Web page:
Theoretical Overview

Theoretical Overview

Some activities in the unit are inquiry-based, beginning with
structured inquiry to introduce students to a topic and progressing to
a guided inquiry assessment task (Bell, Smetana & Binns, 2005). 
Others promote cooperative learning, with tasks designed to promote
positive interdependence and interpersonal skills while holding
students individually accountable for their work (Johnson, Johnson
& Holubec, 1994).  

In the unit, I try to connect the California standards on forces to
inquiry-based activities relevant to my student’s experiences, thus
expanding their ideas about the nature of science.  If, as I believe,
the goal of science education is improving the scientific literacy of
students, then learning scientific facts, while an important aspect of
science, is insufficient.  Although the body of information amassed by
scientists represents a significant part of science, lack of effective
instruction on scientific process can lead to students conflating facts
about science topics with the entirety of the subject of science.  True
scientific literacy requires an understanding of scientific processes. 
To that end, students must learn critical aspects of scientific
thought. 

Selby (2006) explained science as “processes used in a scientific
inquiry, and products (ideas, information, laws) of the inquiry (What
makes it science section, para. 1).  Tinker (1993) suggested teachers
deemphasize the content of science in favor of the processes used to
gain scientific knowledge, saying, “Involvement in real science takes
time away from the curriculum so carefully designed to cover all the
relevant topics (pg.2).”  The current framework of state-mandated tests
dictates the focus of the unit, but through it, I expect to improve
student’s inquiry skills and understanding of scientific inquiry.

By connecting activities within the unit to the real-life experiences
of my students, I hope to both strengthen science literacy and lessen
educational inequity.  Barton and Yang (2000) saw the curriculum and
structure of science classes as unwelcoming to inner-city students. 
Greater emphasis on the human aspects of scientific inquiry might
promote inclusiveness of students with diverse perspectives and
cultivate an atmosphere which values their contributions (Selby,
2006).  My goal is to build a classroom community that models for
students the collaborative nature of science, as well as to build
student awareness of relationships between science concepts and their
personal experiences.

Tinker (1993) suggested that an ideal curriculum closely approximates
the work of scientists; students identify topics of interest and pursue
investigations, thus constructing their own knowledge.  Constructed
knowledge is richer than knowledge gained from lecture due to the
variety of experiences a student must relate when constructing
understanding of a concept.  A constructivist method popularized by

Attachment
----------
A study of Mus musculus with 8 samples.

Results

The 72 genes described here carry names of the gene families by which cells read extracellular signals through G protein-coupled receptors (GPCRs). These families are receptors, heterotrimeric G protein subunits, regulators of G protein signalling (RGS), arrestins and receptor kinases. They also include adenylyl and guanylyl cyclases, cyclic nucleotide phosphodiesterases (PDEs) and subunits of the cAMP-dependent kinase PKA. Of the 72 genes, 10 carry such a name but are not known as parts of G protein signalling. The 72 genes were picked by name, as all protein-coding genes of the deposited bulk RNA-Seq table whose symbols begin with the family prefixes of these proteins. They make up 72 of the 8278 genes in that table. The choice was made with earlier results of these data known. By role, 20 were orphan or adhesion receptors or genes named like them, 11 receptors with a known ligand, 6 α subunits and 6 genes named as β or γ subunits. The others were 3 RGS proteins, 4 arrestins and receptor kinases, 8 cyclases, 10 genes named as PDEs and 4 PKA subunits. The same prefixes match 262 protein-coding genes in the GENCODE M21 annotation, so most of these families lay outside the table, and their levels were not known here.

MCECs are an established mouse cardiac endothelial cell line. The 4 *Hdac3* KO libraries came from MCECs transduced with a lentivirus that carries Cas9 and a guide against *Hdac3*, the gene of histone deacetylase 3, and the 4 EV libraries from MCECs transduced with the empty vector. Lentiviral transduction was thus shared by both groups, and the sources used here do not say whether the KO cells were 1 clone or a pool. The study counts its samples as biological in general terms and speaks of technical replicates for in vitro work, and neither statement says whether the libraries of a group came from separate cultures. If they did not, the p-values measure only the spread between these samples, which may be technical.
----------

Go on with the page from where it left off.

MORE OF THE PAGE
Karplus utilizes the learning cycle, linking a specific exemplar of a
concept to the main idea, and then inviting the student to apply the
concept to a new example (as cited in Tinker, 1993).  The learning
cycle helps me balance experiment with theory.  In the unit, I tried to
provide students a hands-on experience with each concept before
formalizing it and applying the ideas to new situations.

Moving the focus of science teaching toward inquiry-based lessons
providing a rich array of experiences with science would improve
student preparation to supplement their understanding of science
through reading.  As Tinker (1993) related, students remember new
material in a familiar subject better than in an unfamiliar one.  Their
existing framework of experiences with the familiar subject helps
improve comprehension of the new information.  Based on this research,
I placed lessons using the textbook after lessons which provide
students a common experience with the concept in question.  By doing
so, I hope to increase the effectiveness of the textbook as a learning
tool.

A true understanding of scientific ideas is grounded in a thorough
comprehension of the nature of science and the concurrent ability to
evaluate information.  While I do not expect that my students will gain
such an understanding by the end of the unit, I believe it will help
them progress toward a more complete conception of the discipline of
science.

References
Barton, A., & Yang, K. (2000) The Culture of Power and Science Education: Learning from Miguel. Journal of Research in Science Teaching, 37(8), 871-879.
Bell, R., Smetana, L., & Binns, I. (2005). Simplifying Inquiry Instruction. The Science Teacher, 72(7), 30-33.
Berliner, D., & Casanova, U. (1996). Putting Research To Work In Your School. Thousand Oaks, CA: Corwin Press.
Johnson, D.W., Johnson, R.T, & Holubec, E.J. (1994). Essential Components of Cooperative Learning. In The New Circles of Learning: Cooperation in the Classroom and School. (pp. 25-35). Alexandria, VA: Association for Supervision and Curriculum Development.
Johnson, D.W., Johnson, R.T, & Holubec, E.J. (1994). Formal Cooperative Learning. In The New Circles of Learning: Cooperation in the Classroom and School. (pp. 36-48). Alexandria, VA: Association for Supervision and Curriculum Development.
Martens, M. L. (1999). Productive Questions: Tools for Supporting Constructivist Learning. Science and Children, 36(8), 24-27, 53.
Selby, C. C. (2006). What Makes It Science? Journal of College Science Teaching, 35(7). Retrieved September 27, 2008, from http://www.nsta.org/main/news/stories/college_science.php?news_story_ID=52262
Tinker, R. (1993). Thinking About Science. Concord, MA: The Concord Consortium.
Wiggins, G. & McTighe, J. (2005). Understanding by Design. Alexandria, VA: Association for Supervision and Curriculum Development.